The overarching question imparting urgency to this exploration is: Can U.S.-Russian contention in cyberspace cause the two nuclear superpowers to stumble into war? In considering this question we were constantly reminded of recent comments by a prominent U.S. arms control expert: At least as dangerous as the risk of an actual cyberattack, he observed, is cyber operations’ “blurring of the line between peace and war.” Or, as Nye wrote, “in the cyber realm, the difference between a weapon and a non-weapon may come down to a single line of code, or simply the intent of a computer program’s user.”
A seminar with Lina Khatib, Head of the Middle East and North Africa Programme, Chatham House. Moderated by Rami Khouri, MEI Senior Fellow and Senior Public Policy Fellow, Issam Fares Institute, American University of Beirut.
This talk addresses the power dynamics behind the crisis in the Gulf that has seen a stand-off between Qatar and other Arab states. What has motivated this crisis and what are its implications for conflicts in the region?
About the speaker
Lina Khatib is the head of the Middle East and North Africa Programme at Chatham House. She was formerly director of the Carnegie Middle East Center in Beirut and the co-founding head of the Program on Arab Reform and Democracy at Stanford University’s Center on Democracy, Development, and the Rule of Law. Her research focuses on the international relations of the Middle East, Islamist groups and security, political transitions, and foreign policy, with special attention to the Syrian conflict.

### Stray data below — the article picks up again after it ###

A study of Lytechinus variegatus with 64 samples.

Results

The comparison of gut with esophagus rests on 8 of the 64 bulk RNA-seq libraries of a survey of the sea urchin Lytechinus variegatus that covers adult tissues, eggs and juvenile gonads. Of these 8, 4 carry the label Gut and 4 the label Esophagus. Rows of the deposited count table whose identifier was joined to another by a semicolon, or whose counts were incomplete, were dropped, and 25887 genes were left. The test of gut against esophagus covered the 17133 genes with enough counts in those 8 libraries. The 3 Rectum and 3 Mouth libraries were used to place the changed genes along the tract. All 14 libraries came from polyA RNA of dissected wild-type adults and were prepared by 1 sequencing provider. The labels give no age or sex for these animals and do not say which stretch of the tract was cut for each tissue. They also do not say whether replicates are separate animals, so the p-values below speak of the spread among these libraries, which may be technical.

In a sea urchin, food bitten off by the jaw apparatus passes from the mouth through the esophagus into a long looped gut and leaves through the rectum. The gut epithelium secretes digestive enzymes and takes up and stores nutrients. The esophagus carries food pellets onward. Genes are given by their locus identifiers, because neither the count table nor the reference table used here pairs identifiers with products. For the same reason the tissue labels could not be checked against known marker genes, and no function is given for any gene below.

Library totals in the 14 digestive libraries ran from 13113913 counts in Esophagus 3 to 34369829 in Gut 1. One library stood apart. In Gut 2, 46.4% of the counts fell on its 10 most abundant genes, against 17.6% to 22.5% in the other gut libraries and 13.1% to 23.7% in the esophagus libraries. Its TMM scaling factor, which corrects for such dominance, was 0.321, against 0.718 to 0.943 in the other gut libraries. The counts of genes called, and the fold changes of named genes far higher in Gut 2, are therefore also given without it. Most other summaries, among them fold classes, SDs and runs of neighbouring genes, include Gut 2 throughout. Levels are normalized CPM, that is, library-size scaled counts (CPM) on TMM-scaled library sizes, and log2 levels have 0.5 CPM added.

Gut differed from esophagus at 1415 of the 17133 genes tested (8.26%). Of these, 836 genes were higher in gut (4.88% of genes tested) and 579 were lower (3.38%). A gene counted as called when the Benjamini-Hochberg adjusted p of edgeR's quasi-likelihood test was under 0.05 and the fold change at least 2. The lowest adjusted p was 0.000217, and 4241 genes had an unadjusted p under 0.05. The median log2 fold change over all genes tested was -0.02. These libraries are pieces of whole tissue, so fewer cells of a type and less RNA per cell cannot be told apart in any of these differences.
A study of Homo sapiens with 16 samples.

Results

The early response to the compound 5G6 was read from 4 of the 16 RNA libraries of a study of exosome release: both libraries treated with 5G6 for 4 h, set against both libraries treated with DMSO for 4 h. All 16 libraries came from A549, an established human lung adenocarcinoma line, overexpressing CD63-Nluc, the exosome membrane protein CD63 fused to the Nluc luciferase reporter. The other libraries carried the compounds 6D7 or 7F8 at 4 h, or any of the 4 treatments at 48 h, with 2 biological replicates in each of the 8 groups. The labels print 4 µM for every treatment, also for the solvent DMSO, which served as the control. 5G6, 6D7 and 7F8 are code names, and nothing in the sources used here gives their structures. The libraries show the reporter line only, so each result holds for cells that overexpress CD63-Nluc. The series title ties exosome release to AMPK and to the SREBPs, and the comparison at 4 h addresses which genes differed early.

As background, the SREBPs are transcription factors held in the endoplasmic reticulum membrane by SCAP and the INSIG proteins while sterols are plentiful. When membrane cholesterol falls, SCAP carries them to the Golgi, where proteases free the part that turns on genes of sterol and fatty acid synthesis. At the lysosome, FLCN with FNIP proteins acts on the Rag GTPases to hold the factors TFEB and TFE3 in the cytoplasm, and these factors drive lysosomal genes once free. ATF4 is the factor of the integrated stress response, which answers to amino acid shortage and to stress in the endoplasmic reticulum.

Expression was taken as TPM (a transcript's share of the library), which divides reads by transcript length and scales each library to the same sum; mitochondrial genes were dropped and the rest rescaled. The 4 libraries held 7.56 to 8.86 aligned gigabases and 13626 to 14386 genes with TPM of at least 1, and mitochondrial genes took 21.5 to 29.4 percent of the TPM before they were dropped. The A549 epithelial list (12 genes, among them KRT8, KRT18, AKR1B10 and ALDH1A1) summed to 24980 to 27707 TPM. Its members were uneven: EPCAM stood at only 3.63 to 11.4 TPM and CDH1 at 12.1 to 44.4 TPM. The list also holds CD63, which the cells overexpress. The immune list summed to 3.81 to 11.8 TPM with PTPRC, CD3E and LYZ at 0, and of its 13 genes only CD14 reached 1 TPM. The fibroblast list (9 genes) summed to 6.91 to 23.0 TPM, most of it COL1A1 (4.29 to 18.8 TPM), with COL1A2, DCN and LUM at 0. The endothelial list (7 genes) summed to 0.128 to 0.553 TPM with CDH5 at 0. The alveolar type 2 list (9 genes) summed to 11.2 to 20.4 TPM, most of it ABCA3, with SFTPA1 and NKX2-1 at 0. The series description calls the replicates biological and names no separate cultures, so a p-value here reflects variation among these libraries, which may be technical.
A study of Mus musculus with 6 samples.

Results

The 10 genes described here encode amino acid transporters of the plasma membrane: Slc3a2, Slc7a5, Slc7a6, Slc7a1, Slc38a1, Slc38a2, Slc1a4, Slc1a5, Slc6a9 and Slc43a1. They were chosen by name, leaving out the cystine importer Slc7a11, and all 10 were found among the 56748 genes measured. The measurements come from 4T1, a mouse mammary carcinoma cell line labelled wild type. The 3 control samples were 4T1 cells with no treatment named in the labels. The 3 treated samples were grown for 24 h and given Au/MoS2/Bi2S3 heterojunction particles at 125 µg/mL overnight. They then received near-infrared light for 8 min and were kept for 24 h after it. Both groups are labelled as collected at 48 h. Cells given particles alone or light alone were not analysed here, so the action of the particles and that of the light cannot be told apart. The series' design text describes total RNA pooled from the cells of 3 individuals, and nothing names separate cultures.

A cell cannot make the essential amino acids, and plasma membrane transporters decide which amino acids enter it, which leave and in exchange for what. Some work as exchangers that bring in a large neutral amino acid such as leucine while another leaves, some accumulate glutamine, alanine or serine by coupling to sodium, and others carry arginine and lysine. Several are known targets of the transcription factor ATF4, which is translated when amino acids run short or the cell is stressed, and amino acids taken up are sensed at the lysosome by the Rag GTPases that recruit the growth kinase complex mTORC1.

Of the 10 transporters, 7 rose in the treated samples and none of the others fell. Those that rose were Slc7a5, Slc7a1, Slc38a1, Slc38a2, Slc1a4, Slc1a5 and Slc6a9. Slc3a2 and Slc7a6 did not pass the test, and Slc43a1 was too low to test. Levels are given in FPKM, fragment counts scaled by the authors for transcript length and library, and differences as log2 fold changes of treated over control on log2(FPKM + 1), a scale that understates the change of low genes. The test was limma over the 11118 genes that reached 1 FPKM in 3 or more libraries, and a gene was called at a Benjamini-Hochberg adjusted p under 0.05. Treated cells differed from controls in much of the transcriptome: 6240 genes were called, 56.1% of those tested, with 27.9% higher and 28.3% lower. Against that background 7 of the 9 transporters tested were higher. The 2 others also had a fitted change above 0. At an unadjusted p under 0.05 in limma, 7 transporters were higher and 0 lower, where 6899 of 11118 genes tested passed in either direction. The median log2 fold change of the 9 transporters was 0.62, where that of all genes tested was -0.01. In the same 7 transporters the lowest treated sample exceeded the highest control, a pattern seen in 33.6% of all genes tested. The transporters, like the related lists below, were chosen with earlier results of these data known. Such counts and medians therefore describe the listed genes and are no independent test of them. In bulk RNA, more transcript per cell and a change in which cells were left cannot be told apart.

She is a research associate at SOAS, was a senior research associate at the Arab Reform Initiative and lectured at Royal Holloway, University of London. She has published several books and also written widely on public diplomacy, political communication, and political participation in the Middle East. She is a frequent commentator on politics and security in the Middle East and North Africa at events around the world and in the media.